Traces of tourism at the Peru glacier are more than footprints


Pastoruri Glacier in Peru’s Cordillera Blanca has gone through many different cycles. In the 1980s and well into the 1990s, in was a prime spot for tourism. Easily accessible in spite of its altitude above 5,000 meters, groups of skiers, backpackers, and high school spring breakers flocked to the icefields. In 2001, the glacier at Pastoruri gained nationwide attention when the peasant community, claiming ownership of the surrounding territories, seized control over the national park entrance. And this year, as it has been explained elsewhere on GlacierHub, whatever’s left of the dwindling glacier became central to the Huascarán National Park’s Route of Climate Change initiative. Anyone traveling here can see the newest cycle, one not dominated by people but of their trash.

We leave early from the community headquarters. Our vehicle is the community truck, which on other occasions may be used as transportation for people, animals, heavy gear, tools, and construction materials. But on this day its wooden truck body is destined to carry the leftovers from tourists: plastic bottles, napkins, candy-bar wrappings, banana peels, and all sorts of unimaginable stuff that was only of temporary use to the visitors.


The presence of garbage, the plastic bags used by people to slide down the glacier, and the general wear and tear of the ice by the visitors combined with the global warming trends to produce heavy retreat of the Pastoruri glacier. It is no longer permitted to step onto the glacier as it once was. Even though tourism has been mostly reduced since its heydays some thirty years ago, tourists still bring items of plastic and other non-recyclable materials to the altitudes. Part of the compromise that followed the legal settlement between the Catac peasant community and the Huascarán National Park is the maintenance of the touristic services at Pastoruri. Central to this is the collection of garbage at the site and along the road. Ideally, this happens once every week.

After a short stop at the community petrol station we follow the paved road for a few miles before reaching the junction, where the dirt road will gradually ascend towards Pastoruri. The old truck struggles a bit, but moves steady as we climb. We pick up another man who will help us on the way. He makes his living here in the altitudes herding animals, making cheese, and combining these activities with salaried labor in the main town.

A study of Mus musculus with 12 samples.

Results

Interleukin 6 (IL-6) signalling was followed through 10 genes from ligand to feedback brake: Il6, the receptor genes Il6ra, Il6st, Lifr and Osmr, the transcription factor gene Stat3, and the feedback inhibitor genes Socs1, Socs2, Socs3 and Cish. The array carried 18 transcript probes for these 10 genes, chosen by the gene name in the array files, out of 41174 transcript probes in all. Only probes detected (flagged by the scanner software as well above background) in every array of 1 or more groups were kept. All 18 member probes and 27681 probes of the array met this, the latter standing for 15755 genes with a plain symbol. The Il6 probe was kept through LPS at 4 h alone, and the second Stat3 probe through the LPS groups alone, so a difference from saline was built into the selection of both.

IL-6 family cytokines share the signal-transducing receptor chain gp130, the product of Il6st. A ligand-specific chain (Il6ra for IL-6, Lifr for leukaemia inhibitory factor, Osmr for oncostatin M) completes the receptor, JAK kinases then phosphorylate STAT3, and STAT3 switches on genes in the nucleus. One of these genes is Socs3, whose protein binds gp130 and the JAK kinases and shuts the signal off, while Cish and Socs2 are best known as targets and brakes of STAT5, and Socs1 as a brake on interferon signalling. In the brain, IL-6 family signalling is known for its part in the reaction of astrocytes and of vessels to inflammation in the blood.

After a two hour drive we reach the desolate parking lot at Pastoruri. We have come before the tourists will arrive. Outside the main tourism days round Easter and on Peru’s July 28 national holiday, only two or three minibuses with tourists will come here each day. After a brief talk with the locals staying here who make a living by providing services and food for the visitors, we begin our task. One by one, the old oil barrels now serving as garbage bins are emptied onto the truck. Some of the barrels seem to have been here for as long as tourists have come, leaking questionable juices from the rusty bottoms.

We then descend, making stops by tourist sites along the way: the ancient cave paintings, Pumapashimin lake, Pumapampa mountain, and the park entrance at Carpa. On our way we pick up a few people, filling up the last spots in our vehicle. One last passenger jumps into the truck body, but this is preferable to the long walk to the town.


Back in Catac we have ascend once more, as the winding dirt road leads us past the old headquarters of the large estate whose owners, before the agrarian reforms, used to claim ownership over land and people. The truck drives past cultivated fields of cereals and potatoes before we reach our final destination. And thus, with a view to some of the most iconic peaks in the Andes ends the journey of touristic trash, tying the vanishing glaciers to flows of goods and people.

This guest post was written by Danish anthropologist Mattias Borg Rasmussen.  If you’d like to write a guest post for GlacierHub, contact us at glacierhub@gmail.com or @glacierhub on Twitter.